Another year, another nutty idea

Two dozen mobile operators announced a WACky idea at this year’s Mobile World Congress: their own collective app store.  A single coherent mobile developers’ Nirvana. Chances of success: nil.

MWC 2010 is over now, so maybe the laughter has subsided. No, I think I can still hear it.

The Wholesale Applications Community (WAC) is an attempt to create an environment where application developers can deliver their wares across a wide variety of mobile platforms. An extension of the Apple App Store perhaps? No. Apple have nothing to do with this. Well at least the other big device people are on board, right? No. You won’t find any RIM Blackberries here. Nor will you see any sign of Nokia. Google are also steering clear.

While the heavy hitters in the WAC slug it out for platform supremacy, the most active people in the developer community will continue to tool up for iPhone and Android development (with perhaps a little bit of Nokia/Intel MeeGo added to that mix). The WAC will get tied up in disagreements, unrealistic timeframes, unforeseen technical challenges, unrealistic goals and the inevitable blame games. It won’t be long before the whole thing is abandoned.

Meanwhile, the only real cross-platform mobile application solution has got to its feet. Years of puzzlement over the diverse new environment we know as “mobile” are being cleared away as the big daddy of global platforms finally gets a grip. The Web is reaching out, and is going to start smacking heads together. It might take a few years while the device-specific app devotees ply their trade, but when the dust settles, the Web will be standing tall.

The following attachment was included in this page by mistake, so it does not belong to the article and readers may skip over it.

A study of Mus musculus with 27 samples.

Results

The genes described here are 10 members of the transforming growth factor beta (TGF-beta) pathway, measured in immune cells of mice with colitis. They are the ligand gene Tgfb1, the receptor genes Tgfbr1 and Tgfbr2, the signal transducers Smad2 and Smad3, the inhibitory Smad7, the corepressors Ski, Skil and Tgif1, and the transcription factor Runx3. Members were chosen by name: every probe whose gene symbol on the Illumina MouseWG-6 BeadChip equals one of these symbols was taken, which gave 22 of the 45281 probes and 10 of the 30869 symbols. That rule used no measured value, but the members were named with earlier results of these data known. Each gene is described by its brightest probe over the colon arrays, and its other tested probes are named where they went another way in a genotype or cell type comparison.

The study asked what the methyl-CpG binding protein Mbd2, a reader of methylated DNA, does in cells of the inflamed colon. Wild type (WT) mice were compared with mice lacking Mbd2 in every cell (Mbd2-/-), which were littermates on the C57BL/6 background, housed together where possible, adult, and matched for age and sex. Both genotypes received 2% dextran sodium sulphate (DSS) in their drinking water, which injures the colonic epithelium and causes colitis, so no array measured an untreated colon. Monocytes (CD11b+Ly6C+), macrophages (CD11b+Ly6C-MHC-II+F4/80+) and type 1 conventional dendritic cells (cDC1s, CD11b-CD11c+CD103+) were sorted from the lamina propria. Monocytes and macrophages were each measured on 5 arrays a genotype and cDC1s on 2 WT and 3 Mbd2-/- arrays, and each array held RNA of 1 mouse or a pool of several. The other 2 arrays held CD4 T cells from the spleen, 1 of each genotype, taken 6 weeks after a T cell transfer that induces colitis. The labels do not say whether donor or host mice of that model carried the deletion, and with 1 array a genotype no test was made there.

Why? The answer is mainly because Web technology is evolving, learning. The Web has become so ingrained in our lives that we take it for granted. On every desktop, it is king. As the desktop or workstations evolved, so did the Web. But mobile took it by surprise. Industry tried to bring desktop-thinking into the mobile world, and failed. Through laziness, poorly designed and poorly implemented browser technology dominated desktops. These qualities effectively barred them from the constrained mobile environments where every whisper of energy was vital, every modicum of memory precious. Thankfully the world does not stand still. Browsers improve. Web servers improve. Mobile hardware improves. Mobile networking improves. The core of the Web itself improves and expands. Today we are approaching the critical combination, and around the corner is coming HTML 5. What the Web will bring us next will be nothing short of magical.

Look out apps, you’re about to be caught in the Web.